Wouldn’t it be unique and fun to see a film where life in the future is terrific? Where we (Earth) haven’t been decimated by disease or war? Where the soundtrack of our lives isn’t an over the top doom and gloom score? Do you think your great-great grandparents were as pessimistic about the future as most filmmakers today? Just something to ponder as one sits through yet another “Isn’t life Hell on Earth?” film, which brings me to “Elysium.”
Written and directed by Neill Blomkamp, “Elysium” is set in 2154. Earth is unhealthy and overpopulated. Those who can afford to do so have emigrated to Elysium, a man-made space station where food is plentiful, sickness is a thing of the past and, well, life is good.
Max (Matt Damon) lives in a grimy version of Los Angeles, although he has always aspired to go to Elysium, and in flashbacks, we see a young Max making the promise to one day take his childhood girlfriend, Frey, to Elysium. Earth is a police state and free-thinking is not tolerated. Penalties for misbehavior can be severe and the population answers to faceless, robot-sounding superiors. Injured in a run-in with the “police,” Max runs into adult Frey (Alice Braga) in the hospital where she’s now a nurse. They reconnect and Max learns that Frey is a single mother with a child who has leukemia. She fervently hopes to somehow get to Elysium so her daughter can be cured. Protecting entrance to Elysium’s borders is Secretary of Defense Delacourt (Jodie Foster), a government official who enforces anti-immigration laws at all costs, keeping Elysium safe for the rich. A variety of circumstances come together which compel Max to get to Elysium one way or another.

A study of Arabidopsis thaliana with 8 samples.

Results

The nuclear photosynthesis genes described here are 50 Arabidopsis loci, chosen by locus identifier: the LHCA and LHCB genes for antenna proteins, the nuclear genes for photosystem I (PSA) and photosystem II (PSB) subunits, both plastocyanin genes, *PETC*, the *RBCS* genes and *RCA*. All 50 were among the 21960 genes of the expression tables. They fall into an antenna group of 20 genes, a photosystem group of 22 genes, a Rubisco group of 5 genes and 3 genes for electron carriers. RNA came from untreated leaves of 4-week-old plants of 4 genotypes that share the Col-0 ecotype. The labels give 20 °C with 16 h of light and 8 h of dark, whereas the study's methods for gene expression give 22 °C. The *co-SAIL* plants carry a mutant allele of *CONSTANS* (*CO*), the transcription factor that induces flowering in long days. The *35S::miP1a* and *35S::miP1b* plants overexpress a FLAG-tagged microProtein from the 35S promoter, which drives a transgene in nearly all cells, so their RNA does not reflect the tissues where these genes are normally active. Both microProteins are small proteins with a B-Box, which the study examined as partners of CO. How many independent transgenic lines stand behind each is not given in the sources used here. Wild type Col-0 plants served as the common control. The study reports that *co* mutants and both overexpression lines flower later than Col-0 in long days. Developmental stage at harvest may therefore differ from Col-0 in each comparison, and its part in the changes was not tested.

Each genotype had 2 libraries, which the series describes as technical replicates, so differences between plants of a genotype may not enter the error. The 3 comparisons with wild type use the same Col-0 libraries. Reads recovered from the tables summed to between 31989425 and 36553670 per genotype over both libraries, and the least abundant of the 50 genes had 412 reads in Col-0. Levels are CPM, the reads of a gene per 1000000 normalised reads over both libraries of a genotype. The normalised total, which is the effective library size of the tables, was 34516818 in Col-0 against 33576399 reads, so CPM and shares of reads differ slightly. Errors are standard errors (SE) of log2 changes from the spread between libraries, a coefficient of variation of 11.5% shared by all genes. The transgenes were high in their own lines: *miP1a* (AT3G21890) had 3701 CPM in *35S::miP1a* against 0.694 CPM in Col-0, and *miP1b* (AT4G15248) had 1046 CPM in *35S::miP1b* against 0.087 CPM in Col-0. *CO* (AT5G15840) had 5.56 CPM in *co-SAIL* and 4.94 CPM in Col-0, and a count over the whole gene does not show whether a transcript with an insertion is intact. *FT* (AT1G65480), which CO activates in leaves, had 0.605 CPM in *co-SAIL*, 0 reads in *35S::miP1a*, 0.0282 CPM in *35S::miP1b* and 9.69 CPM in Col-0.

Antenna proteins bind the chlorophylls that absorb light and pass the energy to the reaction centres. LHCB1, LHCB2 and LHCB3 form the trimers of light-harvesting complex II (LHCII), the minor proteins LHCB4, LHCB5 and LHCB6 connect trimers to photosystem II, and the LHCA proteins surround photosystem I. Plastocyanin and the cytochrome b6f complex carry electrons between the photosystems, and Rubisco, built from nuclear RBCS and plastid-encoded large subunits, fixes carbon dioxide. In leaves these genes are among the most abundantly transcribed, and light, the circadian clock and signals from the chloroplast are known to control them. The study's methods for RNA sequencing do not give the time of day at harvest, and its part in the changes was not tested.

What makes “Elysium” different from other doom and gloom films is its humanity. To some extent, this is due to the actors. Singled out for special praise is William Fichtner as a company owner who holds the fate of many in his hands. He is one of the best character actors in the business and really excels at playing conflicted villains. Alice Braga is also very good as the mother determined to do right by her daughter. But the true heart and soul of the movie is Matt Damon. He’s outstanding at playing the everyman asked to do a little more. With “Elysium” he is as good as the script allows him to be. Surprisingly the one jarring note is Jodie Foster. This two-time Academy Award winner‘s performance is almost robotic in nature and just not very good. Making matters worse is her very peculiar accent.
It’s almost impossible to watch Elysium and not think about America’s immigration policy. Maybe that’s what helps make “Elysium” relatable. Elysium won’t bore you, but it’s not something you’ll think very much about, if at all, once you leave the theatre.